The FAA said its order was prompted by new evidence from the Ethiopian Airlines crash site gathered on Wednesday which, together with newly-refined satellite data of the aircraft's flight path, indicated similarities with the Lion Air flight which killed all 189 people on board on Oct 29 previous year.
With all Boeing 737-800 Max aircraft set to stop operating in Indian airspace from 4 p.m. on Wednesday, the Civil Aviation Ministry has called a meeting of various airlines to keep a check on fares from spiralling.
The news had left the United States and its carriers as the last major users of the aircraft.
Prior to Wednesday's announcement, the FAA had said there was no basis to ground the Boeing 737 Max 8 planes.
Until Trump's announcement, the US Federal Aviation Administration (FAA) had said that it didn't have any data to show the jets were unsafe, even though many nations had already banned them from their airspace.
In October, an Indonesian Lion Air Flight, which was also a Boeing 737 Max 8, crashed and killed all 189 people on board.
Several US lawmakers said they would issue subpoenas to regulators, including the FAA's Elwell, as well as Boeing executives, to testify before Congress.
Fresh information from the wreckage in Ethiopia and newly refined data about the plane's flight path indicated some similarities between the two disasters "that warrant further investigation of the possibility of a shared cause", the FAA said in a statement.
Flight Global's Mr Taylor said it now looks more likely the grounding "will extend at least a few weeks, and potentially into a few months, but it all depends on what safety issues are identified".More news: Beto O'Rourke leaps into 2020 Democratic presidential race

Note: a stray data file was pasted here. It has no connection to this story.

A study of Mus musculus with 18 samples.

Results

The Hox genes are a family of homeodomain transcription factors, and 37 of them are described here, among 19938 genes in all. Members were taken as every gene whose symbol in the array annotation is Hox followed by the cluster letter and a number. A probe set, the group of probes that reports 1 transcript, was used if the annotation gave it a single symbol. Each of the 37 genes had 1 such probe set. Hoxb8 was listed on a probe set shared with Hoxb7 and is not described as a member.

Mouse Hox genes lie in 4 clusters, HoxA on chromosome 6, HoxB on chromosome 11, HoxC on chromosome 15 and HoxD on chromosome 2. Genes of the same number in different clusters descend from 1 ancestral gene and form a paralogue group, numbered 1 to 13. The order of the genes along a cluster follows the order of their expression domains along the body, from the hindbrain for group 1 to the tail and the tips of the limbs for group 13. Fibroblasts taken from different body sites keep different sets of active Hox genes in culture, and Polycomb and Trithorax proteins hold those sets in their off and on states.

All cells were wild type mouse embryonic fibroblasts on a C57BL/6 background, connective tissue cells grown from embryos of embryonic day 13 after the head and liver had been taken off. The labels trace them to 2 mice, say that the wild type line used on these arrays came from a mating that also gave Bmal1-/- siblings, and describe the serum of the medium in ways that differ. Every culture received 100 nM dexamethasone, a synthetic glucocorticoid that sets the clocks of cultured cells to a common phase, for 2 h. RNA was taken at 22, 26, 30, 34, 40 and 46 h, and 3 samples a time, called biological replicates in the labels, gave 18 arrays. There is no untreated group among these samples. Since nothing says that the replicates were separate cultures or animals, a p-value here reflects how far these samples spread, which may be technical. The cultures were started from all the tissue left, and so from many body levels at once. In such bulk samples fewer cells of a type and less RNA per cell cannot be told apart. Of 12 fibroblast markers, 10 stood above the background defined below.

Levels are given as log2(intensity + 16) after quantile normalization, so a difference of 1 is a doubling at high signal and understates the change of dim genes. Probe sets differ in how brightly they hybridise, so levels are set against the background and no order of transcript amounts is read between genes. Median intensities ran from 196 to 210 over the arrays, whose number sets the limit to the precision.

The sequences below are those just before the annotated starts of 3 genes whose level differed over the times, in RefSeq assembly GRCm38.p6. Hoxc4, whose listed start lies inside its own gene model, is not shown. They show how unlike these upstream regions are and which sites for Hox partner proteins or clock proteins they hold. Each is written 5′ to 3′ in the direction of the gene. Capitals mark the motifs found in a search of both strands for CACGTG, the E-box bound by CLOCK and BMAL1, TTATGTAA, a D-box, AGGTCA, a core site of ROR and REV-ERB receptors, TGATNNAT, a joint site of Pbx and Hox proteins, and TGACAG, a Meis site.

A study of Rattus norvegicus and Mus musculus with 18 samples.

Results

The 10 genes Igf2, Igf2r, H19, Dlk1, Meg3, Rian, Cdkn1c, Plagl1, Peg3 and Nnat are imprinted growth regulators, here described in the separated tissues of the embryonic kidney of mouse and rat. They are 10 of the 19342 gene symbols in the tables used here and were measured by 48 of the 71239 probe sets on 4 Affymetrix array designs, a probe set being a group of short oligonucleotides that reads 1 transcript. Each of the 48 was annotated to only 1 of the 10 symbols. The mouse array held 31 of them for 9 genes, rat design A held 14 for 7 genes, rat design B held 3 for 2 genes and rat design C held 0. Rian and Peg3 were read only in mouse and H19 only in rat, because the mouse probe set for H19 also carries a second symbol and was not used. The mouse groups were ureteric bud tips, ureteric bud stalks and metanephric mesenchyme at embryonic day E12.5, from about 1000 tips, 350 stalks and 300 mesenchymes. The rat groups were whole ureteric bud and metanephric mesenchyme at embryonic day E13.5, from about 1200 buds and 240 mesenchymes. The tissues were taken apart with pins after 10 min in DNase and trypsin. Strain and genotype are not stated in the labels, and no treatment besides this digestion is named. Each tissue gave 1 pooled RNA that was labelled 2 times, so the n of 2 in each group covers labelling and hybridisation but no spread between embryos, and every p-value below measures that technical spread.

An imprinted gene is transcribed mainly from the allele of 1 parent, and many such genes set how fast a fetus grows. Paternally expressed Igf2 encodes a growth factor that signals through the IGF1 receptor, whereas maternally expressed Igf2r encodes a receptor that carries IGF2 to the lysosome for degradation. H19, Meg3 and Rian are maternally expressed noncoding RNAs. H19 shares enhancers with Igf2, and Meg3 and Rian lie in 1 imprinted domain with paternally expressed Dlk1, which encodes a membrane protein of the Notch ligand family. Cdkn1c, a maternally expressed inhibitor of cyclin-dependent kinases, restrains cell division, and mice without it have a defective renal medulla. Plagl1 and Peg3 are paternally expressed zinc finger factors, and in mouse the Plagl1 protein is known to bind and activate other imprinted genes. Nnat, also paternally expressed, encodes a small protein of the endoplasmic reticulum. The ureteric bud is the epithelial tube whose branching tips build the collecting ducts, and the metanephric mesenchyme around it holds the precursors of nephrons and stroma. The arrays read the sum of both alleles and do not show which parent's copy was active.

Trump said his emergency order would go into effect immediately and all planes in the air would be grounded upon landing at their destinations.
UNITED STATESPilots in the USA had expressed safety concerns about the Boeing 737 Max 8 to the authorities, reports have said.
The FAA had previously held out while many countries banned the aircraft.
"Based on the information now available, we do not have any basis to issue new guidance to operators", Boeing said in a statement.
Last October, a MAX 8 operated by Lion Air crashed 12 minutes after takeoff from Jakarta, Indonesia.
Ellis Taylor, Asia Finance Editor at Flight Global, said the grounding of the aircraft "will have some impact" on U.S. schedules.
Like Southwest, the Max 8 accounts for a small percentage of American's fleet - 24 planes making 85 flights a day.